Last night there was an interesting piece on BBC Scotland. I have been interested in the Wind farm and renewables debate it’s a very debatable subject for many and interesting to see the reaction by many of both sides of the discussion.
Comment W.W. W
It’s because of the way power is contracted to the grid, and not unique to wind, The companies have to provide a certain capacity, or they don’t get paid (or get fined). But if the grid decide they don’t need that much power, they need to cut production.
The companies have invested in capacity to produce, so if they are told to stop producing, they are compensated for it. Otherwise they have to invest all their money for when we need it, but could be told to turn everything off and not get paid.
Not all that different from booking a hotel and having a cancellation fee/non-returnable deposit: the hotel had the room for you, couldn’t sell the capacity to anyone else, so you still have to pay even though you don’t use it.
If the UK only had precisely enough capacity to meet needs, there would be no flexibility for production to raise if consumption rose, nor any resilience for when something went wrong.
The more peculiar bit is that because the renewable producers are easier to turn off, they are cheaper to have turned off vs a bigger power station. This is where I think it’s more contentious, because effectively we have incentivised not using the most environmentally friendly sources of electricity.
I fully understand that we need move away from fossil fuels to renewable energy. To me it’s sad that very few in power looked into the future of Energy use and other ways planned for our future!
I know little about it but it is also incredible that the land owners get so much to rent their land for the wind farms. Also so much is made abroad including turbines also so much investment also from abroad the profits are mainly paid for out of our Electricity bills.
Why did we not try to have a Green Bond issued to build Wind farms. Many will say it was to risky but it looks like the companies who own them cannot lose with the compensation payments?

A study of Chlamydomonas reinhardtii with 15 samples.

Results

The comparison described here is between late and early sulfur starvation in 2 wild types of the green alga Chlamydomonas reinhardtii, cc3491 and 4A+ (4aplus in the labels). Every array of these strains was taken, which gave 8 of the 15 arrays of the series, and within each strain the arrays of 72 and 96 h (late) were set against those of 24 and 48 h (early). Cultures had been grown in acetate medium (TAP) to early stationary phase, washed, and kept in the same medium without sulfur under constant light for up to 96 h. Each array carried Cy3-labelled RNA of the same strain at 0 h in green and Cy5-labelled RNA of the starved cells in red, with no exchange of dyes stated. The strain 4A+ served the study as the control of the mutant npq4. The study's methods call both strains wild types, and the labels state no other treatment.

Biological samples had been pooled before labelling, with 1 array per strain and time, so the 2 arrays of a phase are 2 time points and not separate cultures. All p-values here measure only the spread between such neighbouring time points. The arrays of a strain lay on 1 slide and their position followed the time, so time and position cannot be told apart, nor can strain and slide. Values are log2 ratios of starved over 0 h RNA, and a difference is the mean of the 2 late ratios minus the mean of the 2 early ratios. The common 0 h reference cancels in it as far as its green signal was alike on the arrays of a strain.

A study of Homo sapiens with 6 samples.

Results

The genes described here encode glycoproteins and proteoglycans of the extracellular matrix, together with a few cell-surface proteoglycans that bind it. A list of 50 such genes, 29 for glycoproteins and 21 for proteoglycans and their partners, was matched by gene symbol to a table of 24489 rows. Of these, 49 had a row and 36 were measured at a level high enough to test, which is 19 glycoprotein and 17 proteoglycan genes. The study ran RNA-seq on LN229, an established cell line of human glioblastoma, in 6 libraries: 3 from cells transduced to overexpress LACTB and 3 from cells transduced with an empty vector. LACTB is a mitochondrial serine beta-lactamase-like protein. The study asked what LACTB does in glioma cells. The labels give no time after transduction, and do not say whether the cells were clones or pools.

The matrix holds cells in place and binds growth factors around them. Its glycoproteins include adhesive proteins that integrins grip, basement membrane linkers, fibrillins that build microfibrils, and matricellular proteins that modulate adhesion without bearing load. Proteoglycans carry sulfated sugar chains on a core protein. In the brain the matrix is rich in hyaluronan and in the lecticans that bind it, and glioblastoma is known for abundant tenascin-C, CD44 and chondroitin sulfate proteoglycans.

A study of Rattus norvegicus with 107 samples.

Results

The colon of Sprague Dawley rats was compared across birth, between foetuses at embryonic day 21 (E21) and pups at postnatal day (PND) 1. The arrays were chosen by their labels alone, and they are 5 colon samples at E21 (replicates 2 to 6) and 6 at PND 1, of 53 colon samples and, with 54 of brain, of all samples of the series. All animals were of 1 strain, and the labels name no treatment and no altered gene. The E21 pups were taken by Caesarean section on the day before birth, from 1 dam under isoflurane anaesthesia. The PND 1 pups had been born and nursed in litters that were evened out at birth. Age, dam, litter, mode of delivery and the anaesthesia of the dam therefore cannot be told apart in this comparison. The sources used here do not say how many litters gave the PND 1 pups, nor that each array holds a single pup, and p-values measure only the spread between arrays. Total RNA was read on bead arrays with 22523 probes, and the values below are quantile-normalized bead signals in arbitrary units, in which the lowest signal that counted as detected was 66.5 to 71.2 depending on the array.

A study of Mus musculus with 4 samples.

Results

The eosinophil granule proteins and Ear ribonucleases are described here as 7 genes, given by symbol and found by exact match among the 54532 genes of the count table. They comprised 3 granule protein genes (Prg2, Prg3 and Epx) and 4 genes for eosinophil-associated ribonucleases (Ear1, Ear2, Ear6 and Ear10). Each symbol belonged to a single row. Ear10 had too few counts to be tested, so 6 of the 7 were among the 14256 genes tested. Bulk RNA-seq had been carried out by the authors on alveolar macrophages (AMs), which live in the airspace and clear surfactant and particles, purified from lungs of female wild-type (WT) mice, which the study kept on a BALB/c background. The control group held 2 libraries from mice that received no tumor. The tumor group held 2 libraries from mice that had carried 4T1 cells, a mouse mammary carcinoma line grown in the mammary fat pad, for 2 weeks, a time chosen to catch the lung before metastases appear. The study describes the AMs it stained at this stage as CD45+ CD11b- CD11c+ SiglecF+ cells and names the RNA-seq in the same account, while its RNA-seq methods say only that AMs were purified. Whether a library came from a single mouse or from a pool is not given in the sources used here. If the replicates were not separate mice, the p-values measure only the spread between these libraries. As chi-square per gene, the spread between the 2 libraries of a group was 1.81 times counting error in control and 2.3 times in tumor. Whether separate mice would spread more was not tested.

In my view I feel that should be classified as an energy producers’ risk and not compensated at all.
I have some interesting comments on the subject please feel welcome to add disagree with them?
W.W.W – Put it the other way: if someone wanted to convince you to put a lot of money into a project, which might take years to pay back its investment, let alone make profits, you might go for it as a long-term thing. If they told you that you had to go ahead and put your money in, but they might not pay you as much as you had costed your whole plan on, because periodically they could decide not to use your very expensive equipment, you might not invest at all. Or you might demand a higher price for the energy to mitigate the risk of being told to turn off against your will.
Via electricity bills, we will pay these costs irrespective: if they didn’t come as a payback for generation capacity being turned off, we would pay higher price per kWh. In a nationalised system, the cost of running all the generation capacity might even out across all locations and types, but the cost of paying for redundancy would still be there, only more opaque.
Steve – Equally as interesting is how much landowners get paid for having a wind farm on their land – they don’t have to actually do anything apart from giving their permission – the power generator does everything else 😳
Chris – It’s better than burning fossil fuels, and probably won’t settle down until it’s all renewable energy. A small price to pay in the long run?
Angus – Smart meters should allow consumers to be alerted and given the opportunity to use that electricity for free instead of paying the companies, could be used for storage heating etc.
Dave – Angus, the future, for example you plug your car in to charge with a requirement for it to be charged fully by 08:00. When that charging takes placed would be controlled by demand v’s generation. Some way of that level of integration yet though.
Paul – Unfortunately the floodgates were opened by the Scottish government, encouraging foreign business to take advantage of the uk energy market. You’ll understand why they love us when we pay higher rates for each kw generated than any other country. As an example the farm I used to work on was Norwegian but the background funding was Chinese. The operators are also quite happy to reduce generation and increase maintenance opportunities, particularly when the energy prices are low. Other consideration are that the farms in moray and Aberdeenshire will only cater for reasonably local use. The uk national grid doesn’t stretch to Scotland and isn’t particularly suited to imbalanced power inputs like wind farms. Not yet anyway. Plus, take a look at the proposed power links to France, Norway etc
Paul – This isn’t unique to wind, all generation essentially receives non generation payments, other wise nobody could develop anything with any certainty of a return. There are many issues but this probably isn’t the one to worry about!